Consumers have a lot more choices now than a few years ago, but partly because sustainable flooring has evolved so quickly, selecting the best types for your home and getting them installed properly can prove challenging.



Today’s sustainable flooring for homes can be subtle, practical and reasonably priced. Green flooring options can includes cork, bamboo, sustainably harvested lumber, salvaged materials and many others.

Consumers have exponentially more choices now than a few years ago. But partly because sustainable flooring has evolved so quickly, selecting the best types for your home and getting them installed properly can prove challenging.

Your choices matter because green-flooring materials conserve resources, helping to prevent climate change.

Green flooring also reduces pollution from manufacturing. Using sustainable materials, along with related green products such as flooring adhesives and finishes, improves indoor air quality as well.

Find it

Make durability your first priority. Nearly any flooring material that lasts for many years, still looks good and does its job can be considered somewhat green. Get recommendations from friends, stores and contractors for durable flooring for specific rooms. Stay away from the cheapest flooring materials.

You’ll conserve the most resources if you keep your existing flooring, so look into refurbishing or refinishing it instead of replacing your floor.

To explore the wide range of green flooring materials, start by visiting websites of stores offering selections of two or more types.

These include national chains Green Depot, Lumber Liquidators, Home Depot and Lowe’s and the Seattle store Greenhome Solutions. Some retailers will send you samples of green flooring products for a nominal fee.

Store websites often provide detailed information about specific brands of green flooring products, along with installation specifications and guidelines. Don’t undertake installation yourself unless you have experience with the material. Make sure your contractor has material-specific experience as well.

For wood, reclaimed wood, bamboo or cork flooring, try to find products with Forest Stewardship Council certification, which means it has been sustainably produced.

Floor it

Ready for a quick walking tour of sustainable flooring? Let’s step on it!

Bamboo. Highly engineered and processed types now available offer increased variety and durability. Seattle-based Bamboo Hardwoods is a major national distributor, with several dealers in the area. Typical price is $2 —$10 per square foot.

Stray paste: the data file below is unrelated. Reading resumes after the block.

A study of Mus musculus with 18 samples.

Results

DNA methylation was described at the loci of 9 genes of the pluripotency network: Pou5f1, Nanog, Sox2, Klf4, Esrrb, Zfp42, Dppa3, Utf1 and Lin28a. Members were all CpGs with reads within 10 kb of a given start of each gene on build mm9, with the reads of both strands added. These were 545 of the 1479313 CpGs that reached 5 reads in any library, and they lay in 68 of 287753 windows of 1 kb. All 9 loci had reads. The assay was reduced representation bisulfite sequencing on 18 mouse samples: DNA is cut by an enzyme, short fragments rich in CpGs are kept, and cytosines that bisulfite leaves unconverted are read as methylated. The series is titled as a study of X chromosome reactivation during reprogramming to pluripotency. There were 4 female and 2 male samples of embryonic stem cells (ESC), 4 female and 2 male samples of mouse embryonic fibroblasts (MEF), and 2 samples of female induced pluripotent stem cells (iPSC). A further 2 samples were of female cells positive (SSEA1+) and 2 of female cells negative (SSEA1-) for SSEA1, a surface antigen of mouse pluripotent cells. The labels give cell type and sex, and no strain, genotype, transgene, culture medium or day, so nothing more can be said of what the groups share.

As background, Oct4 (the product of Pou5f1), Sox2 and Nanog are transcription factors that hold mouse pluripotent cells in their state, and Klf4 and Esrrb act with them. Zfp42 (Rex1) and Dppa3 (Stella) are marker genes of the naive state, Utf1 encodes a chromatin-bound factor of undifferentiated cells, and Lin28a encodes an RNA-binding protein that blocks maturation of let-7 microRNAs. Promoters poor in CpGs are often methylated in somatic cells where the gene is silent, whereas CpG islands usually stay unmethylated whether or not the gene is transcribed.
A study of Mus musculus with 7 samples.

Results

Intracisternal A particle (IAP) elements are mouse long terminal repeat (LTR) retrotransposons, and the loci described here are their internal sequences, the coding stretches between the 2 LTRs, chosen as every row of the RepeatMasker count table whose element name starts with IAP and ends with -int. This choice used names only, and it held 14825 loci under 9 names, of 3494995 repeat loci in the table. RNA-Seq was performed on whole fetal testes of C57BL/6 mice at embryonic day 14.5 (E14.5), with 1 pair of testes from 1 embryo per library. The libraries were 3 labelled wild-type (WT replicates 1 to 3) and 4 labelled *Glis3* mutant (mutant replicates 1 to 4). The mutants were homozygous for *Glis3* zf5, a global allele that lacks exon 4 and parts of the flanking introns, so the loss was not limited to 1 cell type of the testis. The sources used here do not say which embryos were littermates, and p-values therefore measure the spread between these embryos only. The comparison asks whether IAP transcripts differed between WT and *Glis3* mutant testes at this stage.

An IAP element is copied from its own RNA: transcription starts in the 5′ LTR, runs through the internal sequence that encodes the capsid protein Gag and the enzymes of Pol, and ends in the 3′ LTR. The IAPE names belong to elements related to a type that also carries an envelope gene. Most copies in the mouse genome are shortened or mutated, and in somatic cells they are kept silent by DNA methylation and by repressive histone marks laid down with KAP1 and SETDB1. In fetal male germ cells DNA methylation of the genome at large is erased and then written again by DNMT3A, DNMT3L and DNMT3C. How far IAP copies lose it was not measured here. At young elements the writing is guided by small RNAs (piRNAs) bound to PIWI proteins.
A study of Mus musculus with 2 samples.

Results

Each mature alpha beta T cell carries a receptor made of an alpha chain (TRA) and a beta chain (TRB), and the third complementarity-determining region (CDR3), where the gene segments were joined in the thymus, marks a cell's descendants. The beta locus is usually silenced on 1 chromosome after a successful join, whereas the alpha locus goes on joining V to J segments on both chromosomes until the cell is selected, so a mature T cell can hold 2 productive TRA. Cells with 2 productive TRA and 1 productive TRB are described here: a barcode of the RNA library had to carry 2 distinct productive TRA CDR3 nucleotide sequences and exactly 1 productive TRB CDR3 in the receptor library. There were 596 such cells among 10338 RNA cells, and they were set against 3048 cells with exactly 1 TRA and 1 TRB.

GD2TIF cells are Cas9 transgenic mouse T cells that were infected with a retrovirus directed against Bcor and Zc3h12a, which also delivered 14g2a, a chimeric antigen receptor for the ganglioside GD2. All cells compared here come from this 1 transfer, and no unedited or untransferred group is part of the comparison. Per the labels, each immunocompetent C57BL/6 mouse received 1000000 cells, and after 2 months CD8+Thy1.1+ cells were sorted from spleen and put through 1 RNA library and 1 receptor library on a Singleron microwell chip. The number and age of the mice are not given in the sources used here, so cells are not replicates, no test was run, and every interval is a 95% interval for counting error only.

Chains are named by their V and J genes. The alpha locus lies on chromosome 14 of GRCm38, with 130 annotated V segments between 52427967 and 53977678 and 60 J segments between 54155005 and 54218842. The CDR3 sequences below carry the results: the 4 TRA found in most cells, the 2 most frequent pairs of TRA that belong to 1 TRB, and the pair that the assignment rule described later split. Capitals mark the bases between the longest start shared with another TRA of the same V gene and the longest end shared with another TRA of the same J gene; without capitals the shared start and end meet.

Cork. Made from the bark of cork oak, so trees (primarily in Portugal and nearby countries) are not killed for harvest. Residual or waste cork is often reclaimed for flooring. Comfortable to stand on, with insulating and sound-absorbing properties. Typical price: $2 —$8 per square foot.

Marmoleum. Brand name for the main type of linoleum now available, also known as natural linoleum. (Some vinyl flooring may be called linoleum, but is not.) Made from renewable resources, including linseed oil and tree resins. Typical price: $3 —$7 per square foot.

Selected wood. Needs to be from a sustainably managed forest or salvaged wood. EcoTimber is a locally-available major brand of sustainable-wood flooring products. Salvaged flooring sold at area used building materials stores may include vintage hardwood from local school gyms and bowling alleys. Typical price: $4 —$11 per square foot.

Other choices. Stone flooring can be green, if mined regionally or salvaged. Concrete that includes recycled or waste materials can be a reasonably priced flooring option; if you paint or stain it, use low-toxic products. Rubber flooring made from old tires may work best in an open room or outdoors due to odor. Recycled-leather flooring tiles look great but may be costly. Typical price: $3 —$15 per square foot.

Sustainable flooring shows us it isn’t always so easy being green. Attention to detail is crucial — improper installation or the use of sketchy adhesives and finishes can quickly turn a green flooring project un-green. Allow plenty of time for research and finding materials.

The rewards of green flooring make it all worth it. Ideally you will end up with a floor that lasts at least 50 years, enhances your home, and makes it comfy and cozy. That’s a solid green foundation to stand on.

Tom Watson is project manager for King County’s Recycling and Environmental Services, and EcoConsumer is his biweekly column. He can be reached at tom.watson@kingcounty.gov, 206-477-4481 or via KCecoconsumer.com.